I wrote earlier this week that same-sex marriage had turned into a test of character and leadership for President Obama. With his Wednesday interview, the president passed the test, saying for the first time that he supports the right of gay and lesbian Americans to marry.
In the wake of Vice President Biden's remarks supportive of marriage equality, the continued presidential equivocation had made Obama look weak and evasive.
Weak because he -- and his unfortunate spokesman -- had to keep fudging as Democratic official after official, from governors to his own Cabinet secretaries, expressed clear support for marriage equality.
Evasive because he seemed to be hiding the ball from voters, who were entitled to know what the president thinks before they decide on a second term.
And the longer Obama waited, the worse he looked.
The president's first stall tactic, that he was "evolving" on the issue, didn't cut it anymore. Even Darwin would have lost patience. His second approach, the not-gonna-make-news-for-you-today cop-out, had also worn thin.
Granted, the president had already taken huge -- indeed, brave -- steps in support of gay rights. He ended "don't ask, don't tell," which the last Democratic president implemented.
He instructed his Justice Department to stop defending the constitutionality of the Defense of Marriage Act, which the last Democratic president signed.
So much credit was due Obama. And in comparison to Mitt Romney on gay rights, there is no comparison. Romney supports a constitutional amendment to prohibit same-sex marriage. Obama was tiptoeing his way toward support of marriage equality.
But the tiptoeing had become the problem -- a bigger problem, in fact, than would be created by Obama's expressing support for same-sex marriage now, even with the election looming.
The president's political advisers had been reluctant to have him take the plunge on marriage for fear of offending key voters. The concern was not so much African-Americans, who tend to oppose same-sex marriage, as white working-class voters in swing states such as North Carolina, Virginia and Ohio.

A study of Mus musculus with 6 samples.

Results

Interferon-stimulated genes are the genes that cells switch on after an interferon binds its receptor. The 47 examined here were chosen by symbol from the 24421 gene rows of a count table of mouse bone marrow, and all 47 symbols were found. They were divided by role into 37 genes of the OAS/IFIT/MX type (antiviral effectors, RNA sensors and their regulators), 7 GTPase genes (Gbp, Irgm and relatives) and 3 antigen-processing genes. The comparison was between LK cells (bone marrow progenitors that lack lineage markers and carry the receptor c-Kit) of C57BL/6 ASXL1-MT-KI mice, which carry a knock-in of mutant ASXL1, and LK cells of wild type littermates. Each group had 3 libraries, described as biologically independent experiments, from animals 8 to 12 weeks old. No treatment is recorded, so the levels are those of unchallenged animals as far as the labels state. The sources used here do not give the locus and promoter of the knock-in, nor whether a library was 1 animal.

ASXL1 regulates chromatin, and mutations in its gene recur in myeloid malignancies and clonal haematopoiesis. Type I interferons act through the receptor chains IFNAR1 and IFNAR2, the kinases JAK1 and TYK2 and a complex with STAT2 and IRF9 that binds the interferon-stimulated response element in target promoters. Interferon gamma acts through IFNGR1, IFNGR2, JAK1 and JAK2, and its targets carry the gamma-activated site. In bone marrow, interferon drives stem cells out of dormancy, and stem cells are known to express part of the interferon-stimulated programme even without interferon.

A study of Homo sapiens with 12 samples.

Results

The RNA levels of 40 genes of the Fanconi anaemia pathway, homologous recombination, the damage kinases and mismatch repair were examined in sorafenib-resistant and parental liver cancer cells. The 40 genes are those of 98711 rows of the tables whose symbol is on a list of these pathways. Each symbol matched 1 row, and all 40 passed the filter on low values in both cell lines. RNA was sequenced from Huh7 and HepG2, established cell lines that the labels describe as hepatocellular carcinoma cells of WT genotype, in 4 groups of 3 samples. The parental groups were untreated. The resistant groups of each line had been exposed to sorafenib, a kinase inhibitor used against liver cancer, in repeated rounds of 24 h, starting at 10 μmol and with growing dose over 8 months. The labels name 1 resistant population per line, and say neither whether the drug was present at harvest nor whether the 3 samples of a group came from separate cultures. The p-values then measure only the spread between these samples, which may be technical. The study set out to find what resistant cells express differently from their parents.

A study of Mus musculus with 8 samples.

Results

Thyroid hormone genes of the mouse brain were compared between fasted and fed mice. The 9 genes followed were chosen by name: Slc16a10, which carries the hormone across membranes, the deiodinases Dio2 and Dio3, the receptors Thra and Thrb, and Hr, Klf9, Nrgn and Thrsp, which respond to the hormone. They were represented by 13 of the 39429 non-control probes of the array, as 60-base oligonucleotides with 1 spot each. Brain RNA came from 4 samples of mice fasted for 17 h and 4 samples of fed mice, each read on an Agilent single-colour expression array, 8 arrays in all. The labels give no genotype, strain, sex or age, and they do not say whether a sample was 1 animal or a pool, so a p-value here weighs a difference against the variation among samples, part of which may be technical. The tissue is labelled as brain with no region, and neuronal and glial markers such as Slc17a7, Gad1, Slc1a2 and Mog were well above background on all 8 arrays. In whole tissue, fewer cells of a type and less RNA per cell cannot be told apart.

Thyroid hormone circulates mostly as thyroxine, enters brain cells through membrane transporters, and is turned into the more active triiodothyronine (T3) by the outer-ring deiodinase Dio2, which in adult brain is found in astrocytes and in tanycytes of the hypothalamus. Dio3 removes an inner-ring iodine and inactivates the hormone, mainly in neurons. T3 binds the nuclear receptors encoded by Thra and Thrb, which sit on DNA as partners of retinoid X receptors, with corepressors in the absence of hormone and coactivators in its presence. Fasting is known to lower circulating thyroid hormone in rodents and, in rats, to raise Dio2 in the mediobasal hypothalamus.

But whether that earlier political calculus was correct, in a post-Biden-comment world, the better strategy was to get it over with, take the hit with some voters and reap the benefits of coming out in support of marriage equality -- benefits not only with gay voters and donors but with younger voters whose enthusiasm for the president has flagged.
Which is why he was smart to finally take the plunge with ABC News' Robin Roberts and say out loud what everybody assumed -- correctly, it turned out -- that he supports marriage equality.
As Evan Wolfson, president of Freedom to Marry, told me before the president's statement, "The kind of back and forth we've seen over the last few days illustrates why it's important that the president be forthright in his support for the freedom to marry rather than risk seeming inauthentic, and disappointing those who want to be with him, while doing nothing to satisfy those he's never going to get anyway."
The best strategy would have been to do so earlier, when the move would not look as if Obama had been pushed into it.
Still, the reason to take the hit now was that the issue wasn't going away, as the cruel and unusual punishment that spokesman Jay Carney suffered during Monday's White House briefing demonstrated.
The same questions that Carney had to dodge would have come up repeatedly until November -- and the president himself was going to be on the receiving end.
Then there was the looming debate over whether a marriage equality plank should be in the Democratic platform. And presidential debates: What would Obama have said say when he was, inevitably, asked to state his views? Not going to make news for you tonight?
The Opinion section is produced by the Editorial Department to foster discussion about key issues. The Editorial Board represents the institutional voice of the Star Tribune and operates independently of the newsroom.